Albert Gleizes (1881-1953)

Paysage Meudon

Albert Gleizes (1881-1953)
Gleizes, A.
Paysage Meudon
signed and dated 'Albert Gleizes 1911' (lower right); signed again and titled 'Alb Gleizes Paysage' (on the reverse)
oil on canvas
57.5/8 x 45 in. (146.4 x 114.4 cm.)
Painted in 1911
Alphonse Kann, Saint-Germain-en-Laye.
Muse National d'Art Moderne, Centre Georges Pompidou, Paris (on permanent exhibit).
Heirs of Alphonse Kann (restituted from the above in July 1997).
Acquired from the above by the present owner.
J. Golding, Cubism, London, 1959, p. 150.
B. Dorival, The School of Paris in the Muse d'Art Moderne, New York, 1962, p. 148 (illustrated).
P. Alibert, Albert Gleizes, naissance et avenir du cubisme, Saint-Etienne, 1982, pp. 13, 40 and 70 (illustrated).
A. de la Beaumelle and N. Pouillon, eds., La collection du Muse National d'Art Moderne, Paris, 1986, p. 247 and 248 (illustrated in color, p. 247).
H. Feliciano, The Lost Museum: The Nazi Conspiracy to Steal the Wolrd's Greatest Works of Art, New York, 1997, p. 225 (illustrated, p. C15).
A. Varichon, Albert Gleizes: Catalogue raisonn, Paris, 1998, vol. I, p. 135, no. 369 (illustrated in color).
Paris, Quai d'Orsay, Salon des Indpendants, April-June 1911, no. 2613 (as Le chemin).
Brussels, Place A. Stews, Brussels Indpendants: Delaunay, Gleizes, Lger, Le Fauconnier, June-July 1911, no. 88 (as Le chemin).
Barcelona, Galeries Dalmau, Exposicio d'art cubista, April-May 1912, no. 16.
Paris, Galerie La Botie (Helen Serger), La Section d'Or, October 1912, no. 39.
London, Tate Gallery, and Birmingham, City Art Gallery, Autour du cubisme, July-September 1956, no. 7.
Boston, Institute of Contemporary Art; Columbus, Gallery of Fine Arts; Pittsburg, Carnegie Institute; and Minneapolis, Walker Art Center, Paintings from the Muse National d'Art Moderne, October 1957-April 1958, no. 17 (illustrated).
New York, The Solomon R. Guggenheim Museum (no. 23); Paris, Muse National d'Art Moderne; and Dortmund, Museum am Ostwall, Albert Gleizes, 1881-1953, A Retrospective Exhibition, September 1964-April 1965, no. 9 (illustrated; Paris and Dortmund, illustrated in color).
Crteil, Hall d'exposition, L'abbaye Crteil, October 1971, no. 35.
Milan, Palazzo Reale, Boccioni e il suo tempo, December 1973-February 1974, no. 147 (illustrated).
Aix-en-Provence, Atelier Paul Czanne, Pages Czanniennes: Albert Gleizes, August-October 1986.
Edinburgh, National Gallery of Scotland, Monet to Matisse: Landscape in France, 1874-1914, August-October 1994, pp. 37, 161, and 191, nos. 124 and 252 (illustrated in color, p. 84; detail illustrated in color, p. 160).

Lot Essay

In 1911, Albert Gleizes was at the height of his artistic powers and Paysage Meudon is one the artist's most celebrated paintings. In 1912 Gleizes and Jean Metzinger together published a ground-breaking treatise on the nature of Cubism, Du Cubisme. They were the first to propose that Cubism was based on principles of relativity, simultaneity, and four-dimensionality. These ideas would soon become widely accepted in critical circles, and today, still form the basis of our understanding of Cubist art. As Gleizes and Metzinger stated:

If we wished to refer the space of the painters [Cubists] to geometry, we should have to refer to it to the non-Euclidean scientists; we should have to study at some length, certain theorems of Rieman's [sic]. If so many eyes contemplate an object, there are so many images of that object; if so many minds comprehend it, there are so many images of that object; if so many minds comprehend it, there are so many essential images... The fact of moving around an object to seize several successive appearances, which, fused in a single image, reconstitute it in time, will no longer make thoughtful people indignant (quoted in R. Rosenblum, Cubism and Twentieth Century Art, New York, 1976, p. 181).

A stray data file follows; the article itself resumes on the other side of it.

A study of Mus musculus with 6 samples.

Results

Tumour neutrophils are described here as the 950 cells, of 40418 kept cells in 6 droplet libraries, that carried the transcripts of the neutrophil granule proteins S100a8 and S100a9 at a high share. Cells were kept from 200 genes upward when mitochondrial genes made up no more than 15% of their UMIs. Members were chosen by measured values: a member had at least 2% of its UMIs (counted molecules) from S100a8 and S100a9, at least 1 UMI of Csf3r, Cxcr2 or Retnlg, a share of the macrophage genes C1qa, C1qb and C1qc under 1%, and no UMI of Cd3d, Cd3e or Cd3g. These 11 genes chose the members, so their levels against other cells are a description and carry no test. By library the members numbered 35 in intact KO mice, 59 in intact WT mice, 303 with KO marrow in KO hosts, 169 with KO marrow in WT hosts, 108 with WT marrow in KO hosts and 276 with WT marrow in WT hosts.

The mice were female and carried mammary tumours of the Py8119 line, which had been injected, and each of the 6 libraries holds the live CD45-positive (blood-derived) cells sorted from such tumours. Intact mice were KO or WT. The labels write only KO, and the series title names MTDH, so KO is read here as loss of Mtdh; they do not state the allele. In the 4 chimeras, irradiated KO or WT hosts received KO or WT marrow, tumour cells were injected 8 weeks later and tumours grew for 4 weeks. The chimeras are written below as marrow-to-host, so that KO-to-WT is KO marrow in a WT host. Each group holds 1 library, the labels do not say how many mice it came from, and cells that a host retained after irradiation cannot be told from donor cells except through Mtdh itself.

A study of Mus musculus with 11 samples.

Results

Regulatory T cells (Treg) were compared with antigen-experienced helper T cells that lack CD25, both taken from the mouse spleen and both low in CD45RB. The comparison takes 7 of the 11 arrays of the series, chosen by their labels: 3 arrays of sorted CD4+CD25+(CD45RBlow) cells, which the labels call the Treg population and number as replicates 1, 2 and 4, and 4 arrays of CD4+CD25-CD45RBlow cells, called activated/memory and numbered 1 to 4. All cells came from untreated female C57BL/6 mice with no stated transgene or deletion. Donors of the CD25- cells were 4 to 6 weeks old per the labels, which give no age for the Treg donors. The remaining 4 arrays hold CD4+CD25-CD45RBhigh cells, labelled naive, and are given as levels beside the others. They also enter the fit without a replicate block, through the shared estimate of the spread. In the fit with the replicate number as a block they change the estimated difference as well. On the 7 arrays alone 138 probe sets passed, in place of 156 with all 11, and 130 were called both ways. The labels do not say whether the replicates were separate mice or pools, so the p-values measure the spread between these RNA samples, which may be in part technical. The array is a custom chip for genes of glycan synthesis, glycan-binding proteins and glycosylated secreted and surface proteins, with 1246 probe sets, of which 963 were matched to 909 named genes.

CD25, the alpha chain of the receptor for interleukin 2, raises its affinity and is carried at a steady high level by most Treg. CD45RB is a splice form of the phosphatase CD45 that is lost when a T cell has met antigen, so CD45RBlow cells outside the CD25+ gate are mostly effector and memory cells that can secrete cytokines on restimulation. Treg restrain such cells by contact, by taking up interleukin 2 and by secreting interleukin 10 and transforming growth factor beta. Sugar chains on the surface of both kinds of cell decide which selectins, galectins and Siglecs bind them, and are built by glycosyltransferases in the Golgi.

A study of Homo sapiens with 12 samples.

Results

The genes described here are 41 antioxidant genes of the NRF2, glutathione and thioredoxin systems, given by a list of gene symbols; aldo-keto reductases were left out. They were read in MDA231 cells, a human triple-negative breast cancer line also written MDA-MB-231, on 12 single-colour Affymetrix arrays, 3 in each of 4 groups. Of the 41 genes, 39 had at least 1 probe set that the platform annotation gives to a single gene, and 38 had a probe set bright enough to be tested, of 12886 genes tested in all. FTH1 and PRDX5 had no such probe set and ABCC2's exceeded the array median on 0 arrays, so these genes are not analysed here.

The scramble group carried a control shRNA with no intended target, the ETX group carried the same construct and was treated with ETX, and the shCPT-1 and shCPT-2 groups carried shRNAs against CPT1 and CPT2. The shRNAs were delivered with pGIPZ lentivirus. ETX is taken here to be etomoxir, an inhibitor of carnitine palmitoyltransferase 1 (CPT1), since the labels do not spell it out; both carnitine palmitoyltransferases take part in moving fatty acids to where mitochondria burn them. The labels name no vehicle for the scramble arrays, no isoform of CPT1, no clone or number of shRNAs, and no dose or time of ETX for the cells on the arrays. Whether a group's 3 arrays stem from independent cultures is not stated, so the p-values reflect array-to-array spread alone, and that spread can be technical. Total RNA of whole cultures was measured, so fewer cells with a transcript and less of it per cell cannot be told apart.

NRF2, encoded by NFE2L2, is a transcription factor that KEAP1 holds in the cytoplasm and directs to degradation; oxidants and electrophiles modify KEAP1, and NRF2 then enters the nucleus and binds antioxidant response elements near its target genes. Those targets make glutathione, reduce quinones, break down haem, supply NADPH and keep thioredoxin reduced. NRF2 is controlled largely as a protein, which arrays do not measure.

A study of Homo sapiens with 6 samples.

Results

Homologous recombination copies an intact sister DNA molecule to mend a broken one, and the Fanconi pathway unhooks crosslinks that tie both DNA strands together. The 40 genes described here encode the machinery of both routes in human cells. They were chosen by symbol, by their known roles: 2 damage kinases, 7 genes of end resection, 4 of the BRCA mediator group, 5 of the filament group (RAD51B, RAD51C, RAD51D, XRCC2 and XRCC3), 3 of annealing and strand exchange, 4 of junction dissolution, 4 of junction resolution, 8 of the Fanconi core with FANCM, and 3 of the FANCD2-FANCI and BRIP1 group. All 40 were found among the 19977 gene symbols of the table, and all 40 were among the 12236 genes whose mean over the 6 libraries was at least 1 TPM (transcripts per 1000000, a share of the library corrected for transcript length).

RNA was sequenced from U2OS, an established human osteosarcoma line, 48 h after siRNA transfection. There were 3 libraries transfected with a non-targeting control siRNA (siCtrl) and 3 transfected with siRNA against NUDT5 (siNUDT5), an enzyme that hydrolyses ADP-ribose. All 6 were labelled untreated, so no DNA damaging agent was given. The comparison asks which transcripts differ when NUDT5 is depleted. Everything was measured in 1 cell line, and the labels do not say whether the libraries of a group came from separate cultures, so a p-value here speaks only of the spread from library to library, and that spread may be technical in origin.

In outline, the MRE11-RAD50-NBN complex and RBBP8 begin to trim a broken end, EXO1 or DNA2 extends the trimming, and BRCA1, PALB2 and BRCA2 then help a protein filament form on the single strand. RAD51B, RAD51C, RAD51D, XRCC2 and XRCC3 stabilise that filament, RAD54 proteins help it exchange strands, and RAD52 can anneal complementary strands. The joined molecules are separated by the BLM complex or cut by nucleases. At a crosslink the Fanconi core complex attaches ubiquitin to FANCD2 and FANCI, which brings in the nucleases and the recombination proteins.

In this treatise, Gleizes and Metzinger refer to Courbet and Czanne as the spiritual ancestors of Cubism, in that they were the first artists to wish to obliterate from their art all symbolic, literary and historical dimensions. As did Courbet and Czanne before him, in the present work Gleizes chose a subject matter that was nearly emptied of symbolic content: the landscape. This allowed Gleizes to focus on qualities of form (note the especially prismatic shapes of the trees), rather than those of texture and color.

In the present work, Gleizes retained a traditional sense of perspective and employed the use of a vanishing point in the road and the houses in the background. There is a logical dimunition of form, and in this respect Gleizes' Cubism retained his singular vision of imposing a sense of weight and volumetric relationships to his subjects. As Apollinaire wrote in the catalogue introduction to the 1911 Salon des Indpendants, "Il est sorti un art simple et noble, expressif et mesur, ardent la recherche de la beaut et tout prt aborder ces vastes sujets que les peintres d'hier n'osaient entreprendre."

The first owner of Paysage Meudon was Alphonse Kann, the renowned collector of modern art. Kann was revered for his keen eye and extraordinary taste, and before the war his collection included at least thirty-five paintings by Picasso, in addition to numerous others by Braque, Klee, Matisse, Manet, Courbet, Renoir and others. Paysage Meudon was among approximately 130 items that had been looted from the Kann collection by the German Occupation Army in 1940. In 1949, The National Museums of Recuperations recovered Paysage Meudon and it subsequently went into the collection of the Muse National d'Art Moderne in Paris. In July of 1997, the heirs of Alphonse Kann were successful in bringing Paysage Meudon back into their family's possession.